Skoda Yeti (2009 – 2017) Review
Skoda Yeti (2009 – 2017) At A Glance
The Skoda Yeti was one of the first true crossovers that became a big success, and is a great alternative to cars like the Nissan Qashqai, Ford Kuga and Honda CR-V. It ticks all the right boxes for the segment, mixing a car-like driving experience with plenty of space and a tough-looking design, as well as traditional Skoda attributes such as good value and practical thinking. Should you want to be semi-serious about your off-roading then the Yeti can oblige, but the Yeti is at its best when used as an alternative to conventional hatchbacks and estates.
Combining the best parts of a compact hatchback and an off-roader, the Skoda Yeti is labelled as a 'crossover' in a similar vein as the Nissan Qashqai. It may not seem like an obvious mix but it works very well with the affordability and running costs of a normal hatch blended with the extra practicality and chunky styling of a 4x4.
It also gives people the option of driving something that looks like an off-roader but doesn’t necessarily come with the price tag and the unnecessary four-wheel-drive hardware that comes with it.
The result has been a huge success and the Skoda Yeti is a great family car that's versatile and roomy. It was facelifted in 2014 with new styling, bringing it in line with other Skoda models.
The range was rationalised at the same time into two different models; the standard Yeti and the more ruggedly styled Yeti Outdoor. Regardless of which one you go for, the formula that has made the car so popular with buyers remains the same.
Inside there's plenty of space for four adults, with impressive legroom for those in the back, plus a large boot.
The tall shape helps in terms of headroom and makes the cabin feel light and spacious, in particular the boxy design of the rear means the space is very useful, and is ideal for people who need to carry bulkier items. Thanks to a forgiving ride, it's incredibly comfortable too and means long journeys needn't be a chore.
Like many cars of this ilk, it's available with four-wheel drive, which is useful in slippery conditions or if you regularly tow a trailer. But what does surprise is how genuinely capable the Yeti is when tackling off-road terrain, even in situations where you might expect a traditional 4x4 to struggle.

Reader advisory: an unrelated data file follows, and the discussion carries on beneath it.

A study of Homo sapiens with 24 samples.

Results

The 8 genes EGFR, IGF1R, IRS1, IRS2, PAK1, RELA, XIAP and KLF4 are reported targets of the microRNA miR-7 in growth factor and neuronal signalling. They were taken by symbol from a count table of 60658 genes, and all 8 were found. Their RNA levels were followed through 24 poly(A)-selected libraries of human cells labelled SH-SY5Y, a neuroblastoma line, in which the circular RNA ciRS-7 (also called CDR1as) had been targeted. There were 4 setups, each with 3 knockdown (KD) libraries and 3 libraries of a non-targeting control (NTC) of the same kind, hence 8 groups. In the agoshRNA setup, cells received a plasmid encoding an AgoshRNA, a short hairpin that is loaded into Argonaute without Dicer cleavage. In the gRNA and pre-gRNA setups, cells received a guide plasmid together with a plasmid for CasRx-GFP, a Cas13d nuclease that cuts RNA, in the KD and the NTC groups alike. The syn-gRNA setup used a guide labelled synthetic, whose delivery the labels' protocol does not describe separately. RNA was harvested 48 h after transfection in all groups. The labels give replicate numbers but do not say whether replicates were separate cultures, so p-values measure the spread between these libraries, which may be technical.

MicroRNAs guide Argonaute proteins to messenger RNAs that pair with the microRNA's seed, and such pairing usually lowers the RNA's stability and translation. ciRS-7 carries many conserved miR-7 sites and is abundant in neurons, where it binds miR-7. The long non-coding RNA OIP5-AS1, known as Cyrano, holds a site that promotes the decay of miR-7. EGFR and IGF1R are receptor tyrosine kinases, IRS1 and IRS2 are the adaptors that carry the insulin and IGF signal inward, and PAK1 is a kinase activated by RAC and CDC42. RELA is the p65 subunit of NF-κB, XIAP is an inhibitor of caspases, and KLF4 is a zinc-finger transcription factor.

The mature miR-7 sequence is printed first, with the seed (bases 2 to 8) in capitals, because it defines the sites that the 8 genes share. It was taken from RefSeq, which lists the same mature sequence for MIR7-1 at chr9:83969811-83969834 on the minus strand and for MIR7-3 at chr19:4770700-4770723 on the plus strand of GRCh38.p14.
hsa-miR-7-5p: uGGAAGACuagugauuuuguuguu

Rather than just a marketing exercise, the Yeti has off-road ability that is likely to be beyond the needs and the confidence of many buyers should you need it; one of the best things about the Yeti is that you can skip all of this if you just want the looks.
It's just as good on the road with neatly responsive steering, good body control in bends and a positive gear change. You might not choose one if you’re looking for a hot hatch - even if the 1.8-litre petrol version is actually pretty quick - but it’s as capable and well-mannered as Skoda’s more conventional cars.
As a result it's easy to drive and park in town, but also composed at motorway speeds and will happily cruise along with minimal fuss.
This is helped by a good choice of engines including the 2.0 TDI (available with three different power outputs) that's found across the Volkswagen, Skoda and Audi ranges. The entry-level choice is the 1.2 TSI, but don't be put off by its small size, thanks to a turbocharger it offers surprisingly nippy performance and good fuel economy.
The Yeti is a car that proves the concept of the crossover; in many ways it’s more appealing than the Nissan Qashqai which was more successful in terms of sales. Although it’s no longer on sale, it makes for a smart used buy and there are plenty of examples to choose from.